Feds expand help for homeowners
Any underwater borrower, no matter how much negative equity they have, will be able to apply for a HARP refinance.
This post comes from Marilyn Lewis at MSN Money.
The Obama administration today significantly revamped its government-sponsoredmortgage-refinancing program, changes it expects could allow 800,000 to 1 million more underwater homeowners to rewrite their home loans at current low interest rates, reducing their monthly payments.
Last week the average rate paid for a fixed-rate 30-year mortgage was 4.11%, and the increasingly popular 15-year loan was averaging 3.38%. Post continues after video.
"The plan is the latest White House effort to deal with one of the most critical impediments to economic recovery -- a stagnant housing market caused in part by a surfeit of homeowners who are unable to refinance," writes The Wall Street Journal.
Easier refinancing for underwater homeowners won't solve all the country's housing problems, but it could help a lot, the Journal says.
Home prices, on average, stand at 2003 levels -- a loss of about 31% since their 2007 peak, according to the S&P/Case-Shiller Home Price Index. "The housing market is still bottoming and has not turned around," the last Case-Shiller report said. (Another is due out Tuesday.)
Shut out from refinancing
Many people who would refinance cannot because a loss in their home's value has left them with no equity or with negative equity, meaning they owe more than the home is worth.
Typically, to refinance with a mortgage lender -- if you can meet all the other stringent demands -- you must have at least 20% equity in the home.
However, the government's refinancing assistance program, the Home Affordable Refinance Program launched two years ago, has been refinancing mortgages for borrowers with less than 20% equity.
But until now, there was a limit: You could refinance only if you owed 125% of your home's value or less. For example, you could qualify if your home was worth $100,000 (having dropped from your purchase price) and you owed $125,000. But if you owed more than $125,000 on the home, you wouldn't be eligible for HARP refinancing.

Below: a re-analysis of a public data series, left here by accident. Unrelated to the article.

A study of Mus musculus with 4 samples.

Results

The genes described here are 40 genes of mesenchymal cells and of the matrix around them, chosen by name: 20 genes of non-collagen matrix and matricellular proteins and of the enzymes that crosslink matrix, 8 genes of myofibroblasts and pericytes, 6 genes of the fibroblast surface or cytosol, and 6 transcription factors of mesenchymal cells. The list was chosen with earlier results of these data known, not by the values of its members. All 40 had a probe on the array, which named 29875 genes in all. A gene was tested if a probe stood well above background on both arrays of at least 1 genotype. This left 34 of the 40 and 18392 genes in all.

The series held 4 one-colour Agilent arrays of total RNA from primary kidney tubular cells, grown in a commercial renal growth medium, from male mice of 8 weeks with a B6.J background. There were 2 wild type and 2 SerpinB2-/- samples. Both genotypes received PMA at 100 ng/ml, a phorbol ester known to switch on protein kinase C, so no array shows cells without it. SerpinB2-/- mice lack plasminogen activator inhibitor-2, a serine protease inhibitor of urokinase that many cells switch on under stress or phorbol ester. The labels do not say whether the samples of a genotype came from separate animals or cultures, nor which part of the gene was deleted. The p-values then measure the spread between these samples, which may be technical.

And HARP's the only game in town for an underwater borrower. Banks and other mortgage lenders typically won't refinance an underwater mortgage.
"Today, a quarter of U.S. homeowners are 'underwater,' owing more than their homes are worth," says The Washington Post in this slideshow recapping administration programs and efforts since 2009 to address the housing crisis.
But just 894,000 homeowners have been able to get a HARP refinance and only 70,000 of those were seriously underwater, the Journal says.
Equity requirement eliminated
With today's changes -- which President Obama is expected to discuss in a speech in Las Vegas today -- any underwater borrower, no matter how deeply underwater, could apply for a HARP refinance. Borrowers who're behind on home payments, however, would not qualify. You have to have made timely payments for the last six months.
"That could open up refinancing to legions of borrowers in Nevada, Arizona, Florida, California and elsewhere who are paying high interest rates and are deeply 'underwater,'" says the Journal.
A catch: To participate in HARP, your mortgage has to be a "conforming" one, guaranteed by Freddie Mac or Fannie Mae. Those are mostly fixed-rate mortgages given to homeowners based on relatively conservative lending standards. Subprime or Alt-A mortgages would not qualify.
But a lot of other mortgages would qualify, since between them, Fannie and Freddie, the giant government-run mortgage corporations, "guarantee roughly half of the nation's $10.4 trillion in home loans outstanding," according to the Journal.
Freddie Mac and Fannie Mae, along with the Federal Housing Administration, "now guarantee about 90% of all new mortgages," says The New York Times.
Fees are reduced. And, for borrowers who choose to shorten the term of their loan, there will be no fees to refinance.
"Borrowers who owe more on their house than the house is worth will be able to reduce the balance owed much faster if they take advantage of today's low interest rates by shortening the term of their mortgage," says the FHFA document.
"Our goal in pursuing these changes is to create refinancing opportunities for these borrowers, while reducing risk for Fannie Mae and Freddie Mac and bringing a measure of stability to housing markets," said Edward J. DeMarco, acting director of the FHFA.
Adds the Journal:
The plan will streamline the refinance process by eliminating appraisals and extensive underwriting requirements for most borrowers, as long as homeowners are current on their mortgage payments, according to administration officials and an official at the Federal Housing Finance Agency.
And there's more fine print, the paper explains:
Pricing details won't be published until mid-November, and lenders could begin refinancing loans under the retooled program as soon as Dec. 1, according to federal officials. Loans that exceed the current limit of 125% of the property's value won't be able to participate until early next year. The program's expiration date, originally next June, will be extended through 2013. HARP is only open to loans that Fannie and Freddie guaranteed as of June 2009.